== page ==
Tuesday, September 12, 2006

Taxation of individuals in Switzerland

Resident individuals are subject to personal income and net wealth taxes. Partnerships (and similar groups of persons without legal personality) are transparent for tax purposes, the partners being taxed individually.

Non-residents deriving income from certain Swiss sources (see below) may be subject to certain withholding taxes.

Income taxes are levied by the confederation and also by the 26 cantons and their municipalities. The federal income tax is regulated in the Federal Direct Tax Act. There is no federal net wealth tax. The cantonal and municipal income and net wealth taxation is settled in cantonal tax laws.

As at 1 January 2001 all cantons have to brought their income and net wealth taxes into line with the Federal Tax Harmonization Law. Subject to harmonization are mainly the concept of income and most of the deductions and allowances. The cantonal sovereignty in respect of the amount of deductions and the tax rates, however, is not affected by the Tax Harmonization Law. Thus, the tax burden will differ considerably also in the future, depending on the canton and municipality of which the taxpayer is a resident.

Income Residence

An individual is resident for tax purposes mainly if the centre of his vital interests is in Switzerland (and in the canton/municipality respectively). Key factors are where a person has a permanent home, where his family lives and where his most important personal and economic contacts are. This concept is similar to Art. 4 of the OECD Model Convention.

Tax residence, however, may also arise if an individual works in Switzerland for a period of minimum 30 days or if he stays in Switzerland (without working) for a period of minimum 90 days. He may be taxed as a resident for this period of time (pro rata temporis).

Resident taxpayers are subject to world-wide taxation in Switzerland, subject to unilateral exemptions and prevailing tax treaty provisions, of course. The most important unilateral exemptions are:

Real estate abroad, and permanent establishments abroad. The exemption with progression method applies to such income and net wealth. Non-resident taxpayers may be subject to Swiss taxes only with respect to income from certain Swiss sources.

Important examples are:

- income from Swiss real estate (assessed tax)

- income from business performed in Switzerland and permanent establishments located in Switzerland(assessed tax)

employment income performed in Switzerland or on bord of international aircraft/ships/trucks if paid by an employer being resident in CH or having a permanent establishment in CH (withholding tax)

- directors' fees (withholding tax)

- interest secured by mortgage on Swiss real estate (withholding tax)

- pensions and similar payments related to a former employment in Switzerland (withholding tax)

- income from certain Swiss retirement funds ("gebundene Selbstvorsorge"), excluding the public old-age/survivor/disability insurance (withholding tax)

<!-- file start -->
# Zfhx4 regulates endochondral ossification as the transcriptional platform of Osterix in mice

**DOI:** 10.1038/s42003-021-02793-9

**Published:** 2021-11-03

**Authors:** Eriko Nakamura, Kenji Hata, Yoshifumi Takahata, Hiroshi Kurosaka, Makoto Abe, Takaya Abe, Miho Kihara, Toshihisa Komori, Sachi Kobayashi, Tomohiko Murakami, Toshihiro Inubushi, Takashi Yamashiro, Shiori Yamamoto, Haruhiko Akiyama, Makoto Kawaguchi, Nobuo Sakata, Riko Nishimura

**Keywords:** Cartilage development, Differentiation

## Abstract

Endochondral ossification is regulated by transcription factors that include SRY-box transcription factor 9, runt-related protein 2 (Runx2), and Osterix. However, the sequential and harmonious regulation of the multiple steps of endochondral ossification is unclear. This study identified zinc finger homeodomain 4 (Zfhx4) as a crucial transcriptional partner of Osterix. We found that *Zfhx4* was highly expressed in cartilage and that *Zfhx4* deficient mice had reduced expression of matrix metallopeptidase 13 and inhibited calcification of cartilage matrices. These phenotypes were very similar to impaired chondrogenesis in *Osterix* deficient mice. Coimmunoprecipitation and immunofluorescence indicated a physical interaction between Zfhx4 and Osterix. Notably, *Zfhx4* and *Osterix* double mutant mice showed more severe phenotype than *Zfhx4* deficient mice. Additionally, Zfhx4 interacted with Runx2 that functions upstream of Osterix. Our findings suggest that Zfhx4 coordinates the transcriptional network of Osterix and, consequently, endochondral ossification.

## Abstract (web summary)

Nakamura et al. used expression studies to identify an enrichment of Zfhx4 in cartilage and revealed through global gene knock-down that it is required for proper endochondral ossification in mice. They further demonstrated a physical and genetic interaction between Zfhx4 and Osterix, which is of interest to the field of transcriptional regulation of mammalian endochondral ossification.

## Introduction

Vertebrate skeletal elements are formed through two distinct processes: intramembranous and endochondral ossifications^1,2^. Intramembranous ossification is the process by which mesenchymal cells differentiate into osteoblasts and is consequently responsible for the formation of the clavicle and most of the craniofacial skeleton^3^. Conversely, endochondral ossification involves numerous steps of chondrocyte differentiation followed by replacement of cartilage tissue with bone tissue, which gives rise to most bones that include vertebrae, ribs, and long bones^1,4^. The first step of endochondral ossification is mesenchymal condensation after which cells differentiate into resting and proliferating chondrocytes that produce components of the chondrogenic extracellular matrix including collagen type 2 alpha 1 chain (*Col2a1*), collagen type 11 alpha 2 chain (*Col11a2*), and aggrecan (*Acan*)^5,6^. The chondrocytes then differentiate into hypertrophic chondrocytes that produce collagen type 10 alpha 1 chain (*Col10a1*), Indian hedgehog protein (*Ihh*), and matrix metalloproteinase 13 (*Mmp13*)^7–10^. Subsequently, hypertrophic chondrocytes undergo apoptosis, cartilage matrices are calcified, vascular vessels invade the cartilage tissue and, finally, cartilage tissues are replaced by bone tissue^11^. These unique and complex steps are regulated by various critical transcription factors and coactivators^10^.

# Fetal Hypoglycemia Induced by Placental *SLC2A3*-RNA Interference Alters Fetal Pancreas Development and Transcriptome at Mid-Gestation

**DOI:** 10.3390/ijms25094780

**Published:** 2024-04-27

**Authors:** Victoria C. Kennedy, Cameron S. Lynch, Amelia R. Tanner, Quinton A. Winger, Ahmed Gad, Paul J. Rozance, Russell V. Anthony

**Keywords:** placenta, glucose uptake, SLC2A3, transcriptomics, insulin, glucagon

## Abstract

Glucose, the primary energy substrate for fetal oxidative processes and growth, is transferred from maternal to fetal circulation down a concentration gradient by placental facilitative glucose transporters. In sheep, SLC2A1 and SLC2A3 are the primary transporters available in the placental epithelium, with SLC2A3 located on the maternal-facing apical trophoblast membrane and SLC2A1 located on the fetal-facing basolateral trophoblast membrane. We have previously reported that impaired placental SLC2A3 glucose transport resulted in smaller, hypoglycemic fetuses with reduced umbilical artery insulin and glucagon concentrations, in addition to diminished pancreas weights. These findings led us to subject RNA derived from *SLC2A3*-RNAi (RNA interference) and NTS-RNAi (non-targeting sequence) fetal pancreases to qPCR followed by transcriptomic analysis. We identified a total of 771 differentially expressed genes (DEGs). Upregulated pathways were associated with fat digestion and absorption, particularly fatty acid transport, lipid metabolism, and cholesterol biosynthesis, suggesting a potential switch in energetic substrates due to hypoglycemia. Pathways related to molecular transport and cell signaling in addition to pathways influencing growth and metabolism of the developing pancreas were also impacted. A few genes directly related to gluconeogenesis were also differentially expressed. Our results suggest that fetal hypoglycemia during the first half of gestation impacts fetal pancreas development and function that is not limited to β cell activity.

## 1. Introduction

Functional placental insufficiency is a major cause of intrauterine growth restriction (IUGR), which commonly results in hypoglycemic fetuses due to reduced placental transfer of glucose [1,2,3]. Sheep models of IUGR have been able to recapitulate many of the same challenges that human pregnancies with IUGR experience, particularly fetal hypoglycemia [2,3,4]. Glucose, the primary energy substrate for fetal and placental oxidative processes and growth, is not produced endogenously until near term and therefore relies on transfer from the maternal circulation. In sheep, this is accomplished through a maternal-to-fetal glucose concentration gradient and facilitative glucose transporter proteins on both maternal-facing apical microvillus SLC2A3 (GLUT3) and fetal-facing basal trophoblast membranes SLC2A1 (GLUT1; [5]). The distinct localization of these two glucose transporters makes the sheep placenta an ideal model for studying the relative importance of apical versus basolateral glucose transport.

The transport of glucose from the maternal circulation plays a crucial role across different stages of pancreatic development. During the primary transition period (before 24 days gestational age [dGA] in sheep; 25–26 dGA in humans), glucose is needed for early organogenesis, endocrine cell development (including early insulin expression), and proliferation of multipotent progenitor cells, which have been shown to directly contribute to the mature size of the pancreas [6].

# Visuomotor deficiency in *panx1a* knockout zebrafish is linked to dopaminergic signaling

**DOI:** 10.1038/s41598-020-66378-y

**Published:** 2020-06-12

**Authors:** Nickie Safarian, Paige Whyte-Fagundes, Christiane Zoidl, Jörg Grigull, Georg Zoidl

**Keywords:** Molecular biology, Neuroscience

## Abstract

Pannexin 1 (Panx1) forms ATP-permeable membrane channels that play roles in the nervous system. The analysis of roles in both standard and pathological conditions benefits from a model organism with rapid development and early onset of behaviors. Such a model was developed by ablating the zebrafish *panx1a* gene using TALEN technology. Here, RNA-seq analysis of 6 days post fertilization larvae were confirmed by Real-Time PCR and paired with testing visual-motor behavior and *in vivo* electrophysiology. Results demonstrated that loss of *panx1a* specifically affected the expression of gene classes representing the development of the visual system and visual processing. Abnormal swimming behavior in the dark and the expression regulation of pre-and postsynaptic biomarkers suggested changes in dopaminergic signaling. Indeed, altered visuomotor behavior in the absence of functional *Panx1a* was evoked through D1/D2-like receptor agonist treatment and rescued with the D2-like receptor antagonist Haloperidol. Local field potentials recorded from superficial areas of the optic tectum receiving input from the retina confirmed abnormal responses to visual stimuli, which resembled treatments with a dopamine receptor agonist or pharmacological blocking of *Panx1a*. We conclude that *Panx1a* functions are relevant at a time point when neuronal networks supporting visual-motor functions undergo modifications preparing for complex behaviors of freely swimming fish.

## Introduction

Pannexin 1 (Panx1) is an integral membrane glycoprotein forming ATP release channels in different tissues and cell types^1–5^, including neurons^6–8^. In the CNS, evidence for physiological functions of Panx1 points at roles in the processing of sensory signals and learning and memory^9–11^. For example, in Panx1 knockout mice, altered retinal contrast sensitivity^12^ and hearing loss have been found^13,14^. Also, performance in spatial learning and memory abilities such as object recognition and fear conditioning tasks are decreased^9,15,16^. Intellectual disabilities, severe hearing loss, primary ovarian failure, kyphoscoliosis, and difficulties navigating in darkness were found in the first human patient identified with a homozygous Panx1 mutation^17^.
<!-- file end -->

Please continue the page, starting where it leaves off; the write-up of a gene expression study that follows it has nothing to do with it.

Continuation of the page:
Very often, however, the right to levy these taxes is also restricted by tax treaties.

Taxable income

Swiss tax laws (federal and cantonal/municipal) apply a rather broad concept of income. It includes income from gainful activities (employment, self-employment), income from movable and immovable property, retirement income, compensations etc.

All types of income are pooled and taxed together (excluding capital gains on immovable property, see below). Income from husband and wife is aggregated and taxed together, unless they are separated or divorced. Alimony payments are deductible for the payor and taxable for the recipient. The rental value of owner-occupied dwellings is taxable income. The valuation, which is made by the cantonal tax authorities, varies between 50% and 100% of fair market values.

Capital gains on private movable property (e.g. capital gains on shares) are tax-free (unless the taxpayer performs a business, i.e. his assets are business property). See also employee stock options.

Capital gains on immovable property are tax-free at the federal level (unless the taxpayer is a professional real estate broker). All cantons, however, levy specific real estate profit taxes on capital gains realized on the alienation of immovable property located in the canton. The rules of calculation of the capital gain, deductions and tax rates vary considerably. Real estate profit tax apply to both residents and non-residents, selling Swiss real estate.


In general, all expenses related to taxable income are deductible. Important examples are: employment expenses and maintenance costs of immovable property. Interest paid is fully deductible if related to business property. Private interest payments are also deductible, but only up to the total amount of [all gross income from property + CHF 50'000].

Depreciation (capital allowances) is deductible only in respect of business assets. Self-employed taxpayers may also carry-forward losses (in general 7 years). There is no carry-back in Switzerland. Alimonies paid are deductible (but taxed in the hands of the recipient).

Tax rates

In general, Swiss income tax rates are progressive. Very often different rates apply for married and single taxpayers, as the income of husband and wife is aggregated and taxed together. The maximum federal income tax rate is 11.5%. A taxable income of CHF 100'000 is taxed at about 4%(singles) and 3% (married). The rates for CHF 200'000 are 8% and 7.5% respectively. The cantonal rates vary considerably. Usually, the tariff mentioned in the cantonal tax act only results in so-called "basic rates". These rates are subject to annually fixed cantonal and municipal multipliers. Parish taxes (church taxes) are levied in the same way.